Guess which of these is the richer county?
That life expectancy is increasing for rich people much more quickly than for poor people is well established. But since the doubters on that fact include much of the policy and punditry establishment, here are some more data points:
A study published last week in the journal Health Affairs said that in almost half of the nation’s counties, women younger than 75 are dying at rates higher than before. The counties where women’s life expectancy is declining typically are in the rural South and West, the report said.
Meanwhile, in the neighboring counties of St. Johns and Putnam, Florida, life expectancy in the wealthier St. Johns has risen substantially in the past 20 years—by four years for women and six years for men. In Putnam, where 38 percent of the children live in poverty, life expectancy for women has risen less than a year since 1989, while men have seen a one and a half year increase. Men and women in Putnam live about seven years and five years less, respectively, than men and women in St. Johns.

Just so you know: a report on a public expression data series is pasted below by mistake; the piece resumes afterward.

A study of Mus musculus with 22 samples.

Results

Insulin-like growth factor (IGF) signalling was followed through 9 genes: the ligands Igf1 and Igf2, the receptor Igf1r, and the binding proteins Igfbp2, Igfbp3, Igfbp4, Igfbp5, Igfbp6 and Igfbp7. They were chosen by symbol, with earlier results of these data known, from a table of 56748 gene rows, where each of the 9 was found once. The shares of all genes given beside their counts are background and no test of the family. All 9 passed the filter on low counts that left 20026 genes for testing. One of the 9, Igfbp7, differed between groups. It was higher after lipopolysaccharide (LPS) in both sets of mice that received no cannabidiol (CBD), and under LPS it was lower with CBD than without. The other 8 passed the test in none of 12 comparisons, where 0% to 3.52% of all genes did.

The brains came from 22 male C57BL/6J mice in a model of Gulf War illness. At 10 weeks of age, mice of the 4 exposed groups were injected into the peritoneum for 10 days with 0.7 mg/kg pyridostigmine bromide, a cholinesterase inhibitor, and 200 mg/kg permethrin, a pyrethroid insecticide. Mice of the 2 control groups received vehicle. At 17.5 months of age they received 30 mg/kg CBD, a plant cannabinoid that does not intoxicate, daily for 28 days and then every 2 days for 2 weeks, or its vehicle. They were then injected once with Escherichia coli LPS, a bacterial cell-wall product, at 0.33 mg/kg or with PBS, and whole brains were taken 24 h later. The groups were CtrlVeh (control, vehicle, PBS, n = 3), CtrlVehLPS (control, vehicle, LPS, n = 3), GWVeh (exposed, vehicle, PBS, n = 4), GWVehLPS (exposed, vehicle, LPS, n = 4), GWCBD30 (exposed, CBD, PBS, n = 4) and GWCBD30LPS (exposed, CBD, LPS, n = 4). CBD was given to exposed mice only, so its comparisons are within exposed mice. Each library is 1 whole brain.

No matter what the retirement age is, poorer people have fewer years of retirement. And if you raise the retirement age, you're cutting benefits for poorer people by a greater percentage. Men in Putnam county have a life expectancy of 71, which means that with a retirement age of 67, they live just four years in retirement. Raise the retirement age to 70, and it'll be just over a year.

What that means, Global Policy Solutions' Maya Rockeymoore points out, is that "People who are shorter-lived tend to make less, which means that if you raise the retirement age, low-income populations would be subsidizing the lives of higher-income people." Which may actually be the point, as far as people like Alan Simpson and Erskine Bowles are concerned.